A Mom Explains Why You Should Preserve Your Strong-Willed Girls
“I did not want to break her spirit because I knew that being strong-willed would be so beneficial to her as a woman. We do not need any more broken girls.”
Having a strong-willed child is no easy road. The battles are constant. The tantrums are plentiful. The meltdowns are draining. The emotional, mental, and physical toll that they take on an already-exhausted parents will leave even the most strong, experienced person in shambles.
And while those early years can be tough, one mom on TikTok wants other parents of strong-willed kids, especially daughters, to know that there is light at the end of the tunnel — and all those years of tantrums, meltdowns, and screaming fits are worth it for the final outcome.
TikTok mom and embroidery instructor, Hannah (@sherwoodforestcreations), posted on her TikTok, sharing a story about her own strong-willed daughter who used to leave her exhausted and hopeless at the end of most days.
“This isn't going to be a post of me bashing my daughter, but she was extremely difficult,” Hannah begins.
“Between the ages of like one and a half to four, where anytime we went anywhere, it was meltdowns, temper tantrums at home, kicking, screaming, ‘I hate you, you're stupid.’ Just horrific behavior that I felt like was a reflection on me.”
Hannah confesses that her daughter’s behavior made her feel like a failure. Oftentimes, she would cry herself to sleep. “I tried reading all of the different psychology books, all of the books on like difficult children and everything,” she continued.
And while Hannah wanted to do right by her kid and try to mitigate some of the meltdowns and tantrums, she knew that, deep down, her daughter’s spirit was manifesting as temporary bad behavior. She didn’t want to break that.
“I did not want to break her spirit because I knew that being strong-willed would be so beneficial to her as a woman. We do not need any more broken girls,” she said.
Hannah’s daughter is now six years old and thriving, and Hannah wants other parents to know that there is hope in the darkness of those days when it feels like you cannot do anything right for your child.
“My daughter is six now and she just had her kindergarten parent-teacher conferences. And do you know what the first thing that came out of her teacher's mouth was? ‘Your daughter is a joy. She is kind. She is clever. She is smart. She is witty, and she is a leader,” she said with tears in her eyes. “And I could not be more proud.”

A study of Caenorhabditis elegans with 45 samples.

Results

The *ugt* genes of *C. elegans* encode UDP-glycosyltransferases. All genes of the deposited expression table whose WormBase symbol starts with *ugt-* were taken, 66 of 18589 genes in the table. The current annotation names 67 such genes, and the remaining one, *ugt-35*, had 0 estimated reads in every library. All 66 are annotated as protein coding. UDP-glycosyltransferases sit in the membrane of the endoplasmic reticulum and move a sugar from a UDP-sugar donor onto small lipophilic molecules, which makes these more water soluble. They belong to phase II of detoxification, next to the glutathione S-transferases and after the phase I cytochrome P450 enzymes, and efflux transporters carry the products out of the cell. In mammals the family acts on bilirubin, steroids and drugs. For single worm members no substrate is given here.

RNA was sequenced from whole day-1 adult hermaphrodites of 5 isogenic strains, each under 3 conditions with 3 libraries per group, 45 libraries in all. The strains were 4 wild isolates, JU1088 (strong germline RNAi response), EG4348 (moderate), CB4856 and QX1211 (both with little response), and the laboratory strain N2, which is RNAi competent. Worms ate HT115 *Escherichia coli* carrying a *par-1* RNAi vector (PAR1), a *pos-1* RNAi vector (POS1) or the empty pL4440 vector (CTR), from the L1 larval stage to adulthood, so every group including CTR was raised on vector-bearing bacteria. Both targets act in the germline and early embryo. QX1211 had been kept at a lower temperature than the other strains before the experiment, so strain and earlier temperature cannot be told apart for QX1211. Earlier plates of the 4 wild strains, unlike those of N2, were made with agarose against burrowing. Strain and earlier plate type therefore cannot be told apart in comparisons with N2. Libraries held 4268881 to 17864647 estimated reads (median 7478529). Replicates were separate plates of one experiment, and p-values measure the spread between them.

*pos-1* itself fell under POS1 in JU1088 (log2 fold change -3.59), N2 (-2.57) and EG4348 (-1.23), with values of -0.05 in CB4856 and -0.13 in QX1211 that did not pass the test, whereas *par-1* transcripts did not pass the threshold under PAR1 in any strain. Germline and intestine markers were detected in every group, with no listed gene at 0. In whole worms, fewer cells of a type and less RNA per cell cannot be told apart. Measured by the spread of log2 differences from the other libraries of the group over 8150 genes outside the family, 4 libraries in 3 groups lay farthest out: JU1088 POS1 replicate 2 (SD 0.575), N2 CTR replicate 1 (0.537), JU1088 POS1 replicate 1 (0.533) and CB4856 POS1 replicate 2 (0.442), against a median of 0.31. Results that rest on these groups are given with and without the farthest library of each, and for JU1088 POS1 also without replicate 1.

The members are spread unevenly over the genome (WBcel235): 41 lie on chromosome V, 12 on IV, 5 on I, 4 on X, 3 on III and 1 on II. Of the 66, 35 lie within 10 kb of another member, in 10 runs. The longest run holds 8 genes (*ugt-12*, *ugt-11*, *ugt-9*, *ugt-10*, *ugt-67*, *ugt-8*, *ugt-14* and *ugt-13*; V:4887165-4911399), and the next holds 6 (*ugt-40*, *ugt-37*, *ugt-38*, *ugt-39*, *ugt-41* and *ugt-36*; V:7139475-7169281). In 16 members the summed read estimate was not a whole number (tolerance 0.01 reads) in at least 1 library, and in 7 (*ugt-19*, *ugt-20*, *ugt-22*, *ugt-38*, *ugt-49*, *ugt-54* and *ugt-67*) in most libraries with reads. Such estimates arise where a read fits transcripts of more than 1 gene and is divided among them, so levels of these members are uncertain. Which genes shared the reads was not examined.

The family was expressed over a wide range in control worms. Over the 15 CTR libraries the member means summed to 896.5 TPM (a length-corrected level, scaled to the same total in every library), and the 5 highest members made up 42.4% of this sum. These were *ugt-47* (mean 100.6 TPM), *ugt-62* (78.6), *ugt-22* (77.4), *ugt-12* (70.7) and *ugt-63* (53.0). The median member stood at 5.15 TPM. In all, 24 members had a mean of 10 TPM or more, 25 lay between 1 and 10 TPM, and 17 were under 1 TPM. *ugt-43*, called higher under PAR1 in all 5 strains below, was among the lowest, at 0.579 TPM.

Hannah then explains the possible future of a strong-willed toddler, remarking that the spirit and unbreakable nature of an, at times, obstinate, stubborn toddler will truly make them into some of the best leaders when they get older.
“Strong-willed toddlers make strong-willed girls make strong-willed women make strong-willed female leaders,” she concluded.
Hannah’s TikTok video struck a chord with many parents who also have strong-willed children, who thanked her for the pep talk.
“Strong-willed boy mom here,” one user wrote. “He was basically a terror from babyhood through toddlerhood. He’s 8 now, and his teachers say he’s an absolute pleasure to have in class.”
“Yes! You put into words my thoughts! People are judging me, but I don’t want to break her. School reports she is a joy!” another commented.
“My daughter is sooooooo strong-willed! Makes my heart happy knowing she’s gonna make it in this harsh world!” one user wrote.
A 2015 study followed 700 kids and noted their level of patience, self-esteem, relationship with the authority, level of rules obedience, etc. Researchers found a correlation between how much those kids where resistant to obedience and their later success in life.
Turns out, individuals who scored low on “Agreeableness” were shown to earn more money later in life. Students who show higher levels of rule breaking and defiance are more likely to engage in negotiations about earning and payment.
Though the gratification might be delayed, in today’s world — with teens, especially teen girls, needing mental health support more than ever — having a strong-will seems like more of a positive than a negative trait, at least if you can get through those tough toddler years.